Google Australia claims 2010 financial loss


The Australian division of search giant Google has filed financial accounts with the nation’s corporate regulator stating it made a loss of $3.08 million in 2010, paying just $7.4 million in taxes as a result, off local revenues of $151.39 million.

The company’s listed revenues jumped substantially over the 12 months, according to the statement, rising from $110.31 million in 2009, to $151.39 million for the year to December 31, 2010. Google’s biggest local cost was its 434 employees – which soaked up some $111.6 million in the period, meaning their average salary was a whopping $257,000.

However, the company also spent a great deal on advertising and promotional expenses — $10.53 million in 2010. Other major expenses included travel and entertainment – which was $7.13 million.
The company’s basic profit and loss statement only listed tax costs of $1.1 million, although the company was actually slated to pay some $7.4 million in taxes in 2010. However it balanced that figure out with deferred tax payments and adjustments.

At the end of the year, Google Australia was holding some $21.3 million in cash and cash, as well as $34.2 million of what it said were ‘trade and other receivables’. It had some $16.1 million worth of property, plant and equipment.

However, not everyone believes that Google’s disclosed finances reflect an accurate picture of the company’s local revenues – with industry figures and analysts having stated over the past several years that they believe Google to be making something between $650 million and $1 billion. As Google is not listed on the Australian Stock Exchange, it is not required to go into a great deal of detail about its local finances.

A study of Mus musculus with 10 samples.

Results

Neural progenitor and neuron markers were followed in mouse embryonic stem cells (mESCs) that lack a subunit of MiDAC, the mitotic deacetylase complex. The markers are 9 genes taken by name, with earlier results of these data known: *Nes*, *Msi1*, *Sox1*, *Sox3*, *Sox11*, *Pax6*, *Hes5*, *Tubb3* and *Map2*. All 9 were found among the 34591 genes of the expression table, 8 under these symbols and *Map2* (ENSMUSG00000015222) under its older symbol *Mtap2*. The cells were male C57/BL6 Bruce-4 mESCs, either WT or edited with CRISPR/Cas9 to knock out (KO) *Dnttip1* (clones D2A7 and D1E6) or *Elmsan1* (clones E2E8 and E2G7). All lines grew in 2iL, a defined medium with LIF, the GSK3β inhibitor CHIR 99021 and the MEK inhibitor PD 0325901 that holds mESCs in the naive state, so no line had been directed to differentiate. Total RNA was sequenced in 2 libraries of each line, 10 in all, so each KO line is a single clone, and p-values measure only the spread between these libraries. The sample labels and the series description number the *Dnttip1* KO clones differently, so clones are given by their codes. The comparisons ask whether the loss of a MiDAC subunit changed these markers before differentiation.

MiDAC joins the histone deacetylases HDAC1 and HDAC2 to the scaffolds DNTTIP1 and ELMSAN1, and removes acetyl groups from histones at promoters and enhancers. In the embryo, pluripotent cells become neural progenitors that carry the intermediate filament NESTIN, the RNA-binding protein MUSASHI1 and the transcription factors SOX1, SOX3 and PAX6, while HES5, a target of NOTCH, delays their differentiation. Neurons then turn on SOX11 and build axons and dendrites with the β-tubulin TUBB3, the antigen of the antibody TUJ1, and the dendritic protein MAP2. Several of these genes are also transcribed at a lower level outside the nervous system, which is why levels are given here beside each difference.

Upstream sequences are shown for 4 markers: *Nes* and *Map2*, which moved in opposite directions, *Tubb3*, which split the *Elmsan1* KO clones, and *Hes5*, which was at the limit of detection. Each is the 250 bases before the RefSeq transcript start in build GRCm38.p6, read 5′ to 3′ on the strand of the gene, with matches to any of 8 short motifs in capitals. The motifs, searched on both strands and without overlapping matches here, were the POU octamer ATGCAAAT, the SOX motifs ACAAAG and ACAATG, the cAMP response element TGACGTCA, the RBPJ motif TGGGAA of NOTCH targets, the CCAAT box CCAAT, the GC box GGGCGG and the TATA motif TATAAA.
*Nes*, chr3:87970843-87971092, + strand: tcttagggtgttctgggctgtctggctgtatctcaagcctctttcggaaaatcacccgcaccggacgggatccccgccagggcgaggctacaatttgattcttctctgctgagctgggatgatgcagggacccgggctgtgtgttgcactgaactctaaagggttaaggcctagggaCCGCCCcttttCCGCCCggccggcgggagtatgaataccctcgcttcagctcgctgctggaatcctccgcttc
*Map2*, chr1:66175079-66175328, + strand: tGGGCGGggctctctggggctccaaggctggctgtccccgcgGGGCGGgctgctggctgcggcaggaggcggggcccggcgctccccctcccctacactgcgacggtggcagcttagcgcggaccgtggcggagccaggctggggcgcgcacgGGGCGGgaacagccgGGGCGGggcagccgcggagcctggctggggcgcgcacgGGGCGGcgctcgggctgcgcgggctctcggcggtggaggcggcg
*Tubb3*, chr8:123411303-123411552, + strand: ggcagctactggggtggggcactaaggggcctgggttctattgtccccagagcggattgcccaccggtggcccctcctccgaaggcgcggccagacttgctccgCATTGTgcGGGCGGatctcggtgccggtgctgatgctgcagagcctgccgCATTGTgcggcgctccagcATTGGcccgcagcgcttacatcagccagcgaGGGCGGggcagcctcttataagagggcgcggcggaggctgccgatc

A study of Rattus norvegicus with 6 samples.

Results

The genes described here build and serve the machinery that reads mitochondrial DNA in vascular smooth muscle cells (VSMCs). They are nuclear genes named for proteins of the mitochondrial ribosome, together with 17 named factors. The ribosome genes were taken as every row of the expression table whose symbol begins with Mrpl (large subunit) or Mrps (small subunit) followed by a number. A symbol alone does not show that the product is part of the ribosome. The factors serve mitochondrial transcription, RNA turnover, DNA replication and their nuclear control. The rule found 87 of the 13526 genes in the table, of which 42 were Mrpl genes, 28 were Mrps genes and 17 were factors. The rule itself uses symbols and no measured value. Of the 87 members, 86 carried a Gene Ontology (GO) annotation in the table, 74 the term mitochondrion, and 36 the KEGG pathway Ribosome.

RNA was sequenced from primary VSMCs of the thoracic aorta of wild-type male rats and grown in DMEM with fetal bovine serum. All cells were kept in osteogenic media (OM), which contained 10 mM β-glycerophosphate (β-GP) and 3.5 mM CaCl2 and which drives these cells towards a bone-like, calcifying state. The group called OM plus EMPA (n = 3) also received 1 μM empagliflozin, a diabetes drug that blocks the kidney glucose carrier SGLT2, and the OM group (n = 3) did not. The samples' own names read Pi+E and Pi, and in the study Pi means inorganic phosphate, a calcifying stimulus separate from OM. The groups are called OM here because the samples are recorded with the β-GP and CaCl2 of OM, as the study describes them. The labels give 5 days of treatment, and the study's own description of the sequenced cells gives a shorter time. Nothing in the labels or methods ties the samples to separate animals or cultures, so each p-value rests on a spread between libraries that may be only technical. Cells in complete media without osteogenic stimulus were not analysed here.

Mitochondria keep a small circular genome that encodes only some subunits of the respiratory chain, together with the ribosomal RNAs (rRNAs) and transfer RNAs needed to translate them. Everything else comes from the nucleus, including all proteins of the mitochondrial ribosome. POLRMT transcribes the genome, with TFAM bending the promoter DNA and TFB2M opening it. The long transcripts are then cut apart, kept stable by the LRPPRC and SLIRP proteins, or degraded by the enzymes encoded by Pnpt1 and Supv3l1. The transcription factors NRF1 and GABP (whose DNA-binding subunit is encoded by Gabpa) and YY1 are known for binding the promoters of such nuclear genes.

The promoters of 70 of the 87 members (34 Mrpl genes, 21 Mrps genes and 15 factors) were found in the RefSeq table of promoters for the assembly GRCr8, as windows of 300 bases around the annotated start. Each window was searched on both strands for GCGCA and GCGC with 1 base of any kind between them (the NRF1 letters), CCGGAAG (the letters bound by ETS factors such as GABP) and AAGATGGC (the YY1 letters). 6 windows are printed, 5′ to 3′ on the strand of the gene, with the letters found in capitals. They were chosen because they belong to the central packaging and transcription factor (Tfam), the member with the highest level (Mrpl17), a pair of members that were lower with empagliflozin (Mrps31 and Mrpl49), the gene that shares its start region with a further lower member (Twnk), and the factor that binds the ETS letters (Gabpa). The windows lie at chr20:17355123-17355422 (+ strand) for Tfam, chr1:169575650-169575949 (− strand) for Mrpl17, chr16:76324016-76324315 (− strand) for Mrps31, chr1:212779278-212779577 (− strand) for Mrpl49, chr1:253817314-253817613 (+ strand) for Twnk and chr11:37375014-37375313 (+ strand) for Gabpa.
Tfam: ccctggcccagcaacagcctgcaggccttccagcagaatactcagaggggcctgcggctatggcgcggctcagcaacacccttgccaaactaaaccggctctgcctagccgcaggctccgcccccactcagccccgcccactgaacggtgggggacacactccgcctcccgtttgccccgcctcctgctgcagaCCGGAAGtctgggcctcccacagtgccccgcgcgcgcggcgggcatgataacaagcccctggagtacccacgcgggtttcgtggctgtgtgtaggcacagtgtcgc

In the financial statements released last week, Google stated in the revenue recognition section of the documents that it had a number of agreements with other Google subsidiaries which guided how it recognised revenue.

”The company has a service agreement with Google Inc for the provision of research and development services, a service agreement with Google Ireland Ltd for the provision of sales and marketing services and a service agreement with Walkway Technologies US LLC for the provision of research and development services,” Google stated.

In a separate statement, a Google Australia spokesperson said: “Google complies fully with all relevant tax legislation in all the countries in which it operates, including in Australia. That means that we contribute to all relevant local and national taxation schemes – as well as providing employment for over 400 employees in Australia.”

A spokesperson for the ATO said the agency would not comment on the details of any specific taxpayer. Google’s financial accounts were audited by accounting firm Ernst & Young, and the company lists US-based global finance director Lloyd Martin and general counsel Kent Walker, as well as local director Mark Tucker, as the company’s director contacts. Google Australia lists law firm Baker & McKenzie as its company registered office.

Image credit: Briony, Creative Commons


  1. Wow. I mean I know they book their search revenues in Ireland, but this is a pretty remarkable story. A 30% corporate tax rate on a company that makes $1bn in revenue, which most commentators estimate is pretty accurate, is a LOT of lost tax revenue

    • Wouldn’t that be “average cost per employee” rather than “average salary”? That would include at least super + workers comp + other benefits. But yeah, still a nice chunk of left over for salary :)

    • Average, eh? That’s a useful statistic. Let’s take the money banks pay out to their employees, including their fat board member and CEO salaries and divide it by all of people they employ – that’s a reasonable estimation what everyone employed by that bank earns, right?

  2. Disclaimer: My comments are not to be considered Tax Office Advice:

    While the Aussie tax regime is not as insane as the US tax code, a smart (and more importantly a LARGE company) can avoid to pay most if not all local taxes.

    Things like tax treaties, overseas tax credits and repatriating profits, as well as local R&D offsets and other tax schemes makes a company willing to spend the money on the tax law ninjas can minimise its tax.

    However, there may be other reasons for a tax loss, and my guess would be that if Google Australia books everything in US$, the rising A$ would hit the company bad. Income of AS$1000 goes from (not real figures) US$1050 to US$950.